At a town hall with young Americans Thursday, President Obama called the recent suicide of Rutgers student Tyler Clementi and other young people who had been bullied heartbreaking.
"Our heart breaks when we read about what happened at Rutgers, when we read about some of these other young people who are doing nothing to deserve the kind of harassment and bullying that just completely gets out of hand," he said in response to a question about Internet bullying.
He said the Department of Education had recently held a summit to address "how to help set up structures where young people feel safe, where there is a trigger that goes off when this sort of bullying."
He acknowledged that the nature of the Internet complicates matters.
"Part of the power of the Internet is that information flows out there and it is generally not censored and it is generally not controlled by any single authority," he said. He said there is nothing to stop schools, however, from setting up "Zero tolerance" policies that say "harassment of any form...is unacceptable."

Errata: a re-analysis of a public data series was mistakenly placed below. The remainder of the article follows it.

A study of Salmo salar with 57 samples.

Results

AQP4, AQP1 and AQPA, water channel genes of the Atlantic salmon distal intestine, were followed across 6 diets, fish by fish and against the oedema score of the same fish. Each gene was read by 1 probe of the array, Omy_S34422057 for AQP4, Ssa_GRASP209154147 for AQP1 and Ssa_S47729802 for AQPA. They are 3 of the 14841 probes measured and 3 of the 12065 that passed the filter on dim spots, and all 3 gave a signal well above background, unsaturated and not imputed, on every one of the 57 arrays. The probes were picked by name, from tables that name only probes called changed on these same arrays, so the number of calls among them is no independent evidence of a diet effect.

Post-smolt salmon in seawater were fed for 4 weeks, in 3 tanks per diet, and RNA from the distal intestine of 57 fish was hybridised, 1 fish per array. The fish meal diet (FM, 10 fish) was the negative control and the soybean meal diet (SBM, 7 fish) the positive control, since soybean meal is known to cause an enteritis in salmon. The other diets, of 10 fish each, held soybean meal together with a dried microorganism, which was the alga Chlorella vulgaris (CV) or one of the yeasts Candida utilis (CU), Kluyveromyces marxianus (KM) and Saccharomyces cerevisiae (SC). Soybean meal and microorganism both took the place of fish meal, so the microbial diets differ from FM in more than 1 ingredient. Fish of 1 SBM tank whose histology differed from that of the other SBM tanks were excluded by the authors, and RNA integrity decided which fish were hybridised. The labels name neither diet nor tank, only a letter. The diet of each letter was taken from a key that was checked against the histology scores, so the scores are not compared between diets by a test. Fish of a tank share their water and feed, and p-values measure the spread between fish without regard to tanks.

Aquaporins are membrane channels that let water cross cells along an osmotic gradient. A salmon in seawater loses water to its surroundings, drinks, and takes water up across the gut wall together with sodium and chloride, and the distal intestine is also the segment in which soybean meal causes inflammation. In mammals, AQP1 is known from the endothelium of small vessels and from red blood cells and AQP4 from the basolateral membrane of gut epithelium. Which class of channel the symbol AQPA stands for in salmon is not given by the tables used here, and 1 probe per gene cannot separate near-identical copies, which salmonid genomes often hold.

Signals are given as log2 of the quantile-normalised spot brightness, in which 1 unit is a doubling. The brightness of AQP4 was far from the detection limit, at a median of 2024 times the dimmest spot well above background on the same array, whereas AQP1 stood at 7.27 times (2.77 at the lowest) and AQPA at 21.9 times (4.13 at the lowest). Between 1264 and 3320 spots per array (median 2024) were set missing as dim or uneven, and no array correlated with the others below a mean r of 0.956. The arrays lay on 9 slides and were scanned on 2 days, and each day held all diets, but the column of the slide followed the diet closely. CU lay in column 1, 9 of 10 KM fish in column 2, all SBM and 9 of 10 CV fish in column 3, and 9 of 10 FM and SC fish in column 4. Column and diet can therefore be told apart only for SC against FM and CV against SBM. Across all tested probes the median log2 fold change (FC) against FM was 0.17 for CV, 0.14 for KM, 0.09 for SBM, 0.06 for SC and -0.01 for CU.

He also noted that there are some laws addressing such harassment - but added that "the law doesn't always change what's in people's hearts."
That's why, he said, he and his wife talk to their daughters about putting themselves in other people's shoes and help them understand that "what we may think is funny or cute may end up being powerfully hurtful."
"There's a values component to this," he said, arguing that "peer pressure can lead people to bully, but peer pressure can also say bullying is not acceptable."